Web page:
Forbes Opinion: The Electronic Frontier Foundation Misfires on University Patents, by Richard Epstein
This post originally appeared in Forbes on November 4, 2016.
Just recently the Electronic Frontier Foundation (EFF) has published an extraordinary request to research universities as part of its “Reclaim Invention” campaign: please stop putting your patents into the hands of insidious patent trolls. EFF seeks to put teeth in its proposals by asking state legislatures enact statutes “to bar state-funded universities from transferring patents to patent-assertion entities, broadly defined and branded as trolls. It proposes that these transfers be null and void if they do not meet statutory criteria, and suggest that the universities in question be punished by a forfeiture of research funding and student financial assistance. In the eyes of the EFF, universities should exercise a higher sense of social responsibility and only sell or license their patents to those companies that “will actually do something with them.” In its view, universities should resist the temptation to license their patents to the highest bidder to make better use of public grants, student tuition and private donations.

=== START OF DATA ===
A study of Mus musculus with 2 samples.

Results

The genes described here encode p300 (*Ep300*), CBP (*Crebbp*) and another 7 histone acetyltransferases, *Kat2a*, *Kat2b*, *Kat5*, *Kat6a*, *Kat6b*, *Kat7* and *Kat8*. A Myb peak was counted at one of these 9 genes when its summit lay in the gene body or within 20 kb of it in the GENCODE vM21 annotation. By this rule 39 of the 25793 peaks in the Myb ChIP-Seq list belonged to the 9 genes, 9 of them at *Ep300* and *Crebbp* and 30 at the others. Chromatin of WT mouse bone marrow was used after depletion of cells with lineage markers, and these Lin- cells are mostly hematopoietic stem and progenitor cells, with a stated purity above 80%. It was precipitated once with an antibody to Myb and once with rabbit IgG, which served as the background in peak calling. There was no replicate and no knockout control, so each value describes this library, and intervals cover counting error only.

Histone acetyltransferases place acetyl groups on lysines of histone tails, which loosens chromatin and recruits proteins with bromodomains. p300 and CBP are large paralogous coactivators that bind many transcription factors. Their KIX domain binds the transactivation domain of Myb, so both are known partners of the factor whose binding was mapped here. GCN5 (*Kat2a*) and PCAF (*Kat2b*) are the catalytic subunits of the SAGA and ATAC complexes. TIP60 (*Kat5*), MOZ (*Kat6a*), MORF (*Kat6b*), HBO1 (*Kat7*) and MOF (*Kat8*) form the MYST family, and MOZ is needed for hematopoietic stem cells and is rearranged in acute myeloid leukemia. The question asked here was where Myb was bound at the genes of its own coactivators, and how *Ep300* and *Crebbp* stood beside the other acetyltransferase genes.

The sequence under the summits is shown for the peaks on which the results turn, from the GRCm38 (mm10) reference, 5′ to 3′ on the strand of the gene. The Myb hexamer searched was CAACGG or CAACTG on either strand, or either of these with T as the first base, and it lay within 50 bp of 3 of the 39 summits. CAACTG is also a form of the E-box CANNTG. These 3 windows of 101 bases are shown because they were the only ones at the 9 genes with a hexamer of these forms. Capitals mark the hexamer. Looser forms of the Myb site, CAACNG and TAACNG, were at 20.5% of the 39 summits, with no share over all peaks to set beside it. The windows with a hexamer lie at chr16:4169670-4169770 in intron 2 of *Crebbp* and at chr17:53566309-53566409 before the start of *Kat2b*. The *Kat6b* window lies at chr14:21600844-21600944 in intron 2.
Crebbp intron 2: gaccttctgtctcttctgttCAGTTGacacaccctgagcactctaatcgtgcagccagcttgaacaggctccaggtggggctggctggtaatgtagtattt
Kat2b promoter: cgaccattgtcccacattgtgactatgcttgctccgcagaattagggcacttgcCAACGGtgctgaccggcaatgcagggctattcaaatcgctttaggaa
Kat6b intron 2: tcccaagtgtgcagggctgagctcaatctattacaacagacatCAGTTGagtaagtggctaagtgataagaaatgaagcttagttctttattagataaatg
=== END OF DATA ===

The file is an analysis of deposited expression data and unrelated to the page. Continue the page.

The claim is preposterous, and the proposed sanctions wildly misguided. EFF seeks to manufacture a conflict of interest by treating all non-practicing entities (NPEs) as trolls that gobble up patent rights solely to threaten other businesses litigation in order to extract unmerited royalty payments. Yet it offers no empirical evidence that universities have in any sense misbehaved in the way in which they have managed their patent portfolios, or even some description of the various licensing practices that they do follow. EFF’s proposals would be a real threat to university tech transfer (itself a major driver of startups and job growth in university innovation hubs), which is critically dependent on a university’s ability to license patented technologies to startups. EFF’s lack of institutional awareness leads them to make serious errors in analysis and judgment.